McALLEN — A former U.S. Customs and Border Protection officer is back in custody after a federal judge remanded him back into custody upon failing a drug test, according to officials with the U.S. Attorney’s Office for the Southern District of Texas.
Jose Javier González, 37, of Mission, who was released on a $30,000 bond on May 31, 2017, was back in front of U.S. District Judge Randy Crane Monday after he failed to live up to the terms of the aforementioned bond.
Gonzalez, a former CBP officer working in the Rio Grande Valley, was arrested and charged in connection with federal computer fraud charges last May, according to court records.
The former federal officer faces five counts of fraud activity connected with computers, which stems from his alleged role in accessing and obtaining information on five different federal employees from the U.S. Department of Homeland Security and the FBI. This allegedly occurred from July 2015 to November 2016, according to the indictment against him.
“(Gonzalez) intentionally exceeded authorized access to a computer, and thereby obtained information from a department or agency of the United States; namely, the defendant obtained information and records pertaining to … an individual from the Department of Homeland Security and the Federal Bureau of Investigation,” the indictment reads.
Crane revoked Gonzalez’s bond and remanded him to the custody of the U.S. Marshals after a drug test revealed that Gonzalez had tested positive for cocaine, court records show. Earlier this month, Crane had approved a requested modification to Gonzalez’s bond release conditions, allowing him to travel outside the Southern District of Texas for employment — another condition of his release.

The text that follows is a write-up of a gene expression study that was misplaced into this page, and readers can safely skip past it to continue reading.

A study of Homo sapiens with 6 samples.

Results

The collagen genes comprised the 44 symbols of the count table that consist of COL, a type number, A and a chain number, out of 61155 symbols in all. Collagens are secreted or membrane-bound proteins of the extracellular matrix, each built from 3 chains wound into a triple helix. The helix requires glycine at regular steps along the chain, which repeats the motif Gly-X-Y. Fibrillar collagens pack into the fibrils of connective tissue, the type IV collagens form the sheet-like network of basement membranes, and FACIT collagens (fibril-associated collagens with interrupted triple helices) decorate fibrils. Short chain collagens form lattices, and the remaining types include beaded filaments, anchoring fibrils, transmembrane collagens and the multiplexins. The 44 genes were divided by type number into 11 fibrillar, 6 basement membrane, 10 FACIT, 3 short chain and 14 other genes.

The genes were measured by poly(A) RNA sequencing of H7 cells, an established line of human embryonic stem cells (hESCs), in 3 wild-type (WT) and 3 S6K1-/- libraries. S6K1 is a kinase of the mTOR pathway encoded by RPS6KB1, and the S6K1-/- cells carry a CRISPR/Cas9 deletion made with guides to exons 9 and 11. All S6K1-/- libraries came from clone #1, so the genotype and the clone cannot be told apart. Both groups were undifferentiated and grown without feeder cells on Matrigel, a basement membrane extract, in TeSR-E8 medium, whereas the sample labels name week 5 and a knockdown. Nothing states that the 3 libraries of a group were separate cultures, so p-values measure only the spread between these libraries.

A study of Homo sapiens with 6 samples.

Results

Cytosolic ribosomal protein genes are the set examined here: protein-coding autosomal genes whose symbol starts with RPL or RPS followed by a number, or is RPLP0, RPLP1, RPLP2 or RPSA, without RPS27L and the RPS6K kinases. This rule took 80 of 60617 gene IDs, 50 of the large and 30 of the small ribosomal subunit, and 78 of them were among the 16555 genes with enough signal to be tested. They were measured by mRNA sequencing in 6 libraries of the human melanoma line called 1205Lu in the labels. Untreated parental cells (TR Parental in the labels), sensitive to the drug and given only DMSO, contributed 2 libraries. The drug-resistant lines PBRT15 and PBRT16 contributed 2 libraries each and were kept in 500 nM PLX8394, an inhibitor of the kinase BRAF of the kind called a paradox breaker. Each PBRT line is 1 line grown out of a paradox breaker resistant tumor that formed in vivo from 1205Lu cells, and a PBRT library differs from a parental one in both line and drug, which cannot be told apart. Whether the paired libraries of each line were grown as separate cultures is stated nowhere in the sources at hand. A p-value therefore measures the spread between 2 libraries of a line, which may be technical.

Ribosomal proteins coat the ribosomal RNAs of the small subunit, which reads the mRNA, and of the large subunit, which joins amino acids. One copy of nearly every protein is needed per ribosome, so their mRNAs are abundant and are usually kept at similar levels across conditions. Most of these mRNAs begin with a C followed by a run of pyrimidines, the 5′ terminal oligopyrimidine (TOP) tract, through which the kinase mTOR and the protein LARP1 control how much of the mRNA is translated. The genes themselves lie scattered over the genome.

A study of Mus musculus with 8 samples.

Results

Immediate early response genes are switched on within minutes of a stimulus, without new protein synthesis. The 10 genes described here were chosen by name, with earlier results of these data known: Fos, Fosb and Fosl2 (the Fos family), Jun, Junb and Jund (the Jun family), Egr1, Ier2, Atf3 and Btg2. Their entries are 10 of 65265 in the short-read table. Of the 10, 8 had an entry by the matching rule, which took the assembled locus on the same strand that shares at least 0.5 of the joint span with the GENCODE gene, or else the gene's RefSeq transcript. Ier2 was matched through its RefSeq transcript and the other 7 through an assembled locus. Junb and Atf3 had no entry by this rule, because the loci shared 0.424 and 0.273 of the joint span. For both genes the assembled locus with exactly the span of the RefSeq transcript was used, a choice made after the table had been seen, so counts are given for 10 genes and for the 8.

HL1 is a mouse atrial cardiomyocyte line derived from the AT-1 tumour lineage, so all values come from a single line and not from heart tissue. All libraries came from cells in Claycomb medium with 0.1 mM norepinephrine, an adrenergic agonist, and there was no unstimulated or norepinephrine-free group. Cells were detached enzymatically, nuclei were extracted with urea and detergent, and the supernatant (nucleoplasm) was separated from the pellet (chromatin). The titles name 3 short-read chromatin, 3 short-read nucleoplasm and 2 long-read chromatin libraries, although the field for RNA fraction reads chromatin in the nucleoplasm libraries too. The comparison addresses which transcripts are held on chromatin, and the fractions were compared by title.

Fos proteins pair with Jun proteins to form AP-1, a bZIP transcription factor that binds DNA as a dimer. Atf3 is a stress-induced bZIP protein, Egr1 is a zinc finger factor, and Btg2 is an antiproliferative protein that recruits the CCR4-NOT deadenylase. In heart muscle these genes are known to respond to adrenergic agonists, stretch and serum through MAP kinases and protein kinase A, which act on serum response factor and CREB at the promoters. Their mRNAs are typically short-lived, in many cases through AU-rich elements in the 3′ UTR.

Gonzalez’s attorney, Edinburg-based O. Rene Flores, successfully argued to have the terms of Gonzalez’s release modified as Gonzalez sought employment in Reagan County, which at the time was outside the area he was allowed to travel.
Crane approved the modification on Jan. 8 only to have U.S. Marshals arrest Gonzalez eight days later on the pre-trial violation, court records show.
During the hearing Monday, Gonzalez denied using any illegal drugs or violating the terms of his condition, USAO officials said.
Calls left for Flores went unreturned as of press time.
Officials with U.S. Customs and Border Protection did not return messages for comment regarding Gonzalez’s case.
If convicted of fraud activity connected with computers, Gonzalez faces up to 10 years in federal prison.